Transitioning a travel business

A member of the DA group has an import business (Moroccan rugs), which also has a tourist guide side to it. She feels a dilemma as far as eco sustainability of the travel business (particularly given that Morocco is in extreme drought, and experienced its first 50 C day last summer), and yet the artisans depend on income from tourists who buy their rugs.

This is such a great question! (Visit the Deep Adaptation group on Facebook and type “Morocco” in the search field; that should bring up the thread.)

Hi! Thank you so much for posting this question. It’s such a good one, and I love the responses that others have already given.

Some years back, I felt compelled to transition the in-person aspect of my occupation (sustainability educator) to eliminate long-distance travel.

I used to travel to teach/speak in person; now I am primarily a book writer and blogger, also post short videos. (I do still speak in person locally in my community.)

A little while back, while researching for a blog post the issue you bring up – because it is something that affects a lot of my readers/clientd – I found a tourism model that feels very attractive to me and might work for you.

Some people in Kazakhstan, a country I have long felt intrigued with and interested in visiting, have started a virtual tour guide business. Virtual tour guides connect with customers by teleconference app such as Zoom or Facetime, and basically walk the customer into the village / marketplace.

The customer gets to shop, pick out rugs or clothing or other traditional handcrafted items. Which the customer pays for online via secure app, and then the items are shipped to the customer.

Thanks to the internet, and the tour guide’s camera, the customer gets to talk face to face with local people, even sit down for a chat over coffee or tea etc., and see realtime views of the village, countryside, etc.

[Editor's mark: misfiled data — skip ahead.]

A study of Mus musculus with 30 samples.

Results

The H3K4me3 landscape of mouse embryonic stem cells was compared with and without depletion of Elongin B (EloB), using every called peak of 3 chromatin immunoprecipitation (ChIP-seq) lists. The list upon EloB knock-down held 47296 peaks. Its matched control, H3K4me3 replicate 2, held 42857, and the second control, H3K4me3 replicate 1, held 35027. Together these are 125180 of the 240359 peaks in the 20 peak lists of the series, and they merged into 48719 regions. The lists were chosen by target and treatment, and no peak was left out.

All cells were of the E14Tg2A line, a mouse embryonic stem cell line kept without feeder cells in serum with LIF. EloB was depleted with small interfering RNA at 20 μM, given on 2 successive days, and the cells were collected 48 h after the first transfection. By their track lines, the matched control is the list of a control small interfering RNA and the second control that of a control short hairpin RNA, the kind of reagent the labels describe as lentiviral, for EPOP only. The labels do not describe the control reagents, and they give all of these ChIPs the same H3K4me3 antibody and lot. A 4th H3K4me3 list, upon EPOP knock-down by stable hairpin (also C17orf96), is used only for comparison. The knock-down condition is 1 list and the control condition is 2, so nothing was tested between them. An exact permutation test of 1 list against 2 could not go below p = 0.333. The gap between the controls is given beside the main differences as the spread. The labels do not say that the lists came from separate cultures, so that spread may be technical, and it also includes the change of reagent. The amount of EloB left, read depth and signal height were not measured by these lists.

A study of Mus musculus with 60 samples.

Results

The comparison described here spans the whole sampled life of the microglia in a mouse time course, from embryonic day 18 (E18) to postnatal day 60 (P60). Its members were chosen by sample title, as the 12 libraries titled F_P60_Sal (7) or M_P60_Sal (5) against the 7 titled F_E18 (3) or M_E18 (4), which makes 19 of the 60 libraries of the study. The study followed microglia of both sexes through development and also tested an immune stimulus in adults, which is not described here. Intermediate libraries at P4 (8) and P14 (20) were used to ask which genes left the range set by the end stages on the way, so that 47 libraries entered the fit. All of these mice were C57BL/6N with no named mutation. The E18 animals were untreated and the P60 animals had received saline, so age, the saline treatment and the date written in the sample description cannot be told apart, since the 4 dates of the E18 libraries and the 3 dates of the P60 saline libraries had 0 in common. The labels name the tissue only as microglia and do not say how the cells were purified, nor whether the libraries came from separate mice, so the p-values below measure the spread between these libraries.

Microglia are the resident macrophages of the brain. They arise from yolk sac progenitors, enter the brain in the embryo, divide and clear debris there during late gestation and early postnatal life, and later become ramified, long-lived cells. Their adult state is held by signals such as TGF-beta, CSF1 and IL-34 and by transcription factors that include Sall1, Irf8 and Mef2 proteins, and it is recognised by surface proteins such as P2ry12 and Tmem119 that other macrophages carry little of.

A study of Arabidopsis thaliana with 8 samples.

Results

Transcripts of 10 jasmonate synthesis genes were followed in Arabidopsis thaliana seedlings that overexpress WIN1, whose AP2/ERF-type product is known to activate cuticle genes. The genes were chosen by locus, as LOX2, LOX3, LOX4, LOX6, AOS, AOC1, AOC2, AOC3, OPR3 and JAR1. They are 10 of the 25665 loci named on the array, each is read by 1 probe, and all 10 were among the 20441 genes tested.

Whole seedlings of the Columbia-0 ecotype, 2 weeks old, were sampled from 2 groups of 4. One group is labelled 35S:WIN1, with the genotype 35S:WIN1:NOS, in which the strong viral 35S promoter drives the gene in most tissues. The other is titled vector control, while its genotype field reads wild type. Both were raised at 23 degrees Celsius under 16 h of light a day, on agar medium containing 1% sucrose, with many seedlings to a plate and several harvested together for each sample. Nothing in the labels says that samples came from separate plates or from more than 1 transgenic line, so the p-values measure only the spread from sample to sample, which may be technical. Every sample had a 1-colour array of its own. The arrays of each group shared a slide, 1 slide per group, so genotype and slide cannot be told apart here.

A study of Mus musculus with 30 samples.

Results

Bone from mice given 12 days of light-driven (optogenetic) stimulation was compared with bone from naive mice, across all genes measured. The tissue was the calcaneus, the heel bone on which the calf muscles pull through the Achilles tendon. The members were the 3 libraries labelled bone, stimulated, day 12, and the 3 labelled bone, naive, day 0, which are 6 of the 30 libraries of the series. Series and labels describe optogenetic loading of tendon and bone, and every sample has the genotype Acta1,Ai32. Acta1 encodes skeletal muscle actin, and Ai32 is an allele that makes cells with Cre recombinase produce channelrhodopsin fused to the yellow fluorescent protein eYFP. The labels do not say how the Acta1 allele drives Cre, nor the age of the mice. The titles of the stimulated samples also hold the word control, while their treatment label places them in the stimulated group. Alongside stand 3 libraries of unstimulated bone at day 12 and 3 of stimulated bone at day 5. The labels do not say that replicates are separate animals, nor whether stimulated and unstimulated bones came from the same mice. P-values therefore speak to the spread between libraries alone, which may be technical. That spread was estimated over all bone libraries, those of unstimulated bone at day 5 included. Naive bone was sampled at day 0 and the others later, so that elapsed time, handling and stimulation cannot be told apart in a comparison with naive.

it is very likely that I will sign up for one of these virtual tours.

As a person in her 60s, who for some years traveled extensively for work and also had the privilege of taking a number of trips for her own enjoyment and education, I feel very happy to be able to switch to a mode of travel that is ethical.

If you were to offer this for morocco, I would almost certainly sign up, as I am extremely intrigued with Morocco and would love to visit there if it were not for the eco-footprint and the harm that tourism can do to local economies.

The virtual option seems to radically lessen the negative impact, while boosting the positive impact on locals.

(Side note, Regarding the carbon footprint of one’s occupation:
I also retroactively purchased carbon offsets for every single flight I could remember taking in my adult life, but I do know that carbon offsets are by no means perfect. I have taken a no-flight pledge for the duration of the rest of my life, and/or duration of the climate crisis.)

Highest regards to you, thanks for being in this group and thanks for posting your question. And do keep us informed about what approach you decide to take!

And my response to a person in the comment section who says she is 70 years old and is “selfishly” traveling by plane to see all the places she had dreamed of visiting for her whole life:

I really love and can relate to what you have written here. BTW if you are interested in options for mitigating your plane travel, if you do not already have a way to mitigate, I hear that Gold Standard are the best type of offsets.

Gold Standard offsets are focused on new tree planting & other projects, rather than taking multiple credit for existing projects, so they avoid a pitfall of many so-called carbon offsets. And, they only add a few dollars to the price of a ticket.

I no longer fly, but I purchased Gold Standard offsets to retroactively mitigate the impact of every flight I could remember taking in my adult life.